S&P raises Romania to investment grade

By bne IntelliNews May 19, 2014


The international rating agency said it raised Romania to 'BBB-', the lowest investment grade, putting it on the same level as key emerging markets Russia and Brazil. Romania’s success in shedding its junk rating after more than five years follows a strict austerity programme, with S&P saying that the upgrade “underlines our view that progress toward consolidating the fiscal accounts and bolstering financial sector stability will continue”.

Romania’s endorsement by S&P and increased status among investors are new developments. In Soviet times even the Russians considered themselves lucky that they weren't living in Romania. Suffering one of the lowest standards of living, the overthrow of the communist regime in 1989 didn't bring much succor, as it was largely seen as a counter-revolution. Riven by corruption and lacking any sort of meaningful reforms, Romania has spent most of the last decade bumping along at the bottom. That was until recently. A big International Monetary Fund (IMF) programme and some steel in the government's political will has seen the country’s economy grow quickly and its stock market soar. Romania is now being pegged as the successor to Turkey as the new darling of international investors.

Ironically, the 2008 crisis made all the difference. First Poland and then Turkey had their turn as the standout performers in Emerging Europe. However, more recently the gloss has started to come off the Polish story and Turkey continues to struggle from the twin ills of political instability and a large current account deficit.

Romania became an EU member state in 2007, along with Bulgaria, and embraced the long wish-list of the reforms that comes with membership.

A July 2013 agreement with the IMF and EU on a €4bn precautionary loan has helped the country's performance, along with more money from the European Bank for Reconstruction and Development (EBRD) and the European Investment Bank. Under the agreement, Bucharest is committed to restructuring major state-owned companies in the transport and energy sectors to prepare for privatisation, as well as reforming the healthcare system. “We won’t use the money, it’s just a buffer we can count on in extraordinary circumstances, like a financial crisis in Europe or worldwide,” Prime Minister Victor Ponta told journalists immediately after striking the deal.

The Romanian authorities are also hoping that the nascent economic recovery in Europe will gather steam and lift the Romania economy along with the rest of the region. Despite the lacklustre performance of most economies in the region, Romania has been putting in some good results. “We believe Romania will maintain steady GDP growth, averaging 3 per cent over 2014-2017. While this is slower than before the 2009 financial crisis, it is above any regional peer,” says S&P. “This underlines the return of relatively healthy fundamentals, even if Romania’s national income per capita in 2014 is still roughly equal to its 2008 high.” S&P also forecasts that the main driver for growth will gradually shift from external to domestic demand.

While Mihai Tantaru, economist with ING Bank Romania, notes that Romania has been visibly experiencing reform fatigue, ie. repeatedly postponing state-owned enterprise privatisation and reform, he says: "While certainly not a short-term prospect, a GDP growth surprise could eventually lead to further positive rating action for Romania since it would aid the ongoing external deleveraging."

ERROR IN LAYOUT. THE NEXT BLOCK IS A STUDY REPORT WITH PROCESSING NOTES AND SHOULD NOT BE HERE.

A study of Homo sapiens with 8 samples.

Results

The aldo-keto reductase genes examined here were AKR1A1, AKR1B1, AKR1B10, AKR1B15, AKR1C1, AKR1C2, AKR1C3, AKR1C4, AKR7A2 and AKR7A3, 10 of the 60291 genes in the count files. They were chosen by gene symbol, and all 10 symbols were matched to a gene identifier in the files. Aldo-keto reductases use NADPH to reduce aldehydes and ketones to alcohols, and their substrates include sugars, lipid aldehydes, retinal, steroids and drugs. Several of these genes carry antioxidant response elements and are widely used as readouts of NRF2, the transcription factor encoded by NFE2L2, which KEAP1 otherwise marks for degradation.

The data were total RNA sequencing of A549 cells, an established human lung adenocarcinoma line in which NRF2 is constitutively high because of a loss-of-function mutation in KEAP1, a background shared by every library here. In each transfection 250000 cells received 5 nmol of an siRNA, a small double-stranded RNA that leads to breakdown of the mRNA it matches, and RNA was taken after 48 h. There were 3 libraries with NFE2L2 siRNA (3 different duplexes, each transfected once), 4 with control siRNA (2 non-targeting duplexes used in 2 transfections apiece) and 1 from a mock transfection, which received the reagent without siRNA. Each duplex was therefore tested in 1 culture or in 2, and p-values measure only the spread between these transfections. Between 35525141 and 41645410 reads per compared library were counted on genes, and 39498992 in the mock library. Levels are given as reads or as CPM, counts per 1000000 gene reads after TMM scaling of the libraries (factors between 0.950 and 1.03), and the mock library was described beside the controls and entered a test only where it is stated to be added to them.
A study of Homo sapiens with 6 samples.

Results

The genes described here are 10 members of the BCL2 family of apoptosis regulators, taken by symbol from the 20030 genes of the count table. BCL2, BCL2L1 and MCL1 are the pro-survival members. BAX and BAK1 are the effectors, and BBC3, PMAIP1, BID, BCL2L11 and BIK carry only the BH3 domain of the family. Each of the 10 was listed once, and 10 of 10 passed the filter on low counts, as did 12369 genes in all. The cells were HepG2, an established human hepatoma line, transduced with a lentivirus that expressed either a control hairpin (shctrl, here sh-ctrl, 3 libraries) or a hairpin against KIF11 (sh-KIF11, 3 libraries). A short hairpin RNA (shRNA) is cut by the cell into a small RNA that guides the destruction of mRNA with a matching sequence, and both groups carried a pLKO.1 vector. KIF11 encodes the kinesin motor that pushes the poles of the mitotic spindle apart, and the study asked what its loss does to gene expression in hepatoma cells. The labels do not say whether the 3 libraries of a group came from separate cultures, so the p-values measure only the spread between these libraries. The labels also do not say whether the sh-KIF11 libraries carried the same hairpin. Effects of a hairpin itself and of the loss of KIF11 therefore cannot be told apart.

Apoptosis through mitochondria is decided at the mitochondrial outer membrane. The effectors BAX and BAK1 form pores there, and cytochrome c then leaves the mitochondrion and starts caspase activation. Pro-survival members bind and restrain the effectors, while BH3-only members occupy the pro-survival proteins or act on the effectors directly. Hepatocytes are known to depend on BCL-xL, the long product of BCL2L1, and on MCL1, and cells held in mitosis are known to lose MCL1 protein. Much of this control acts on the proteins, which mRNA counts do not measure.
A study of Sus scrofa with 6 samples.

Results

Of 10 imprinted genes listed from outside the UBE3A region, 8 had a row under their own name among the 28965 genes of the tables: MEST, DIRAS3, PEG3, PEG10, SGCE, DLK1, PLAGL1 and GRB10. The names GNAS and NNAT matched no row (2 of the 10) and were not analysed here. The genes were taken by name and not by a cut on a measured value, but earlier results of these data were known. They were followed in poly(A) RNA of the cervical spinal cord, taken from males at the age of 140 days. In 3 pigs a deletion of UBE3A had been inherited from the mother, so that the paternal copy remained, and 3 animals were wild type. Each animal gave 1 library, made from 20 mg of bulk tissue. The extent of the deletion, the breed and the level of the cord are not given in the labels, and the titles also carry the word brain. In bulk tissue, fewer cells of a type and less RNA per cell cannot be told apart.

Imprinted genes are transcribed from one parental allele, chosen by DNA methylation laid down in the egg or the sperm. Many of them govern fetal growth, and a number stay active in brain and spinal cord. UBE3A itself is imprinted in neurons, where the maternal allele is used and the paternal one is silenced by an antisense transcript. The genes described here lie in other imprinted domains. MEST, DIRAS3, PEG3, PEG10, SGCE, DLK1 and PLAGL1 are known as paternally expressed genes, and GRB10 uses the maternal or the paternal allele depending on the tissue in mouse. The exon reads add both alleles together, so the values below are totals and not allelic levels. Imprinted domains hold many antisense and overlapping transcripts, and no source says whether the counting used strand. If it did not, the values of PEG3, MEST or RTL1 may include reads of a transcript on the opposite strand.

The macroeconomic numbers are clear, but the key to the country's recovery is its renewed fight against corruption. Several leading politicians have been arrested and convicted in court in the last year as the government makes its first serious attack on the problem.

Finally, the country's recovery is being helped by the excellent performance of its largest companies. OMV Petrom, a subsidiary of Austria's oil and gas company, is particularly noteworthy, because it is benefitting from both high oil prices and the continuing liberalisation of the domestic gas market.

And investors' interest has been piqued. One example is consumer goods giant Procter & Gamble, which in March was reported to have purchased a new 25-hectare plot in Urlati, where its shampoo plant is located, and is mulling plans to build a warehouse and a new factory. The multinational is being tempted in by the strong domestic consumption growth - up 11% in the first quarter of this year - that is fueling the recovery.

Likewise, on January 1 Romania officially granted foreign citizens the right to directly purchase farmland, which was snapped up by would-be farmers. The government estimates that by end of the first quarter over a third of Romania's fertile land is now in the hands of foreigners.

Romania appears to be getting the lion's share of Chinese investment going into the region, and the country received 51.3%, or $12bn, of the total foreign direct investment (FDI) in the seven countries of Southeast Europe since 2005, according to a recent United Nations Conference on Trade and Development (UNCTAD) report.

Investors are also looking ahead to the promise of a large-scale privatisation programme as well as more IPOs of state-controlled companies. Electrica is due to be listed in mid-2014, and the government hopes the company will raise as much as $1bn - beating Romgaz’ record breaking IPO in 2013. Companies are becoming more market orientated and leading firms such as Fondul Proprietatea, the part-owner of many public sector companies, are pushing the state to bring more of the economy into the private sector. This is accompanied by growing awareness amongst corporates of the need for good corporate governance and other investment-friendly initiatives.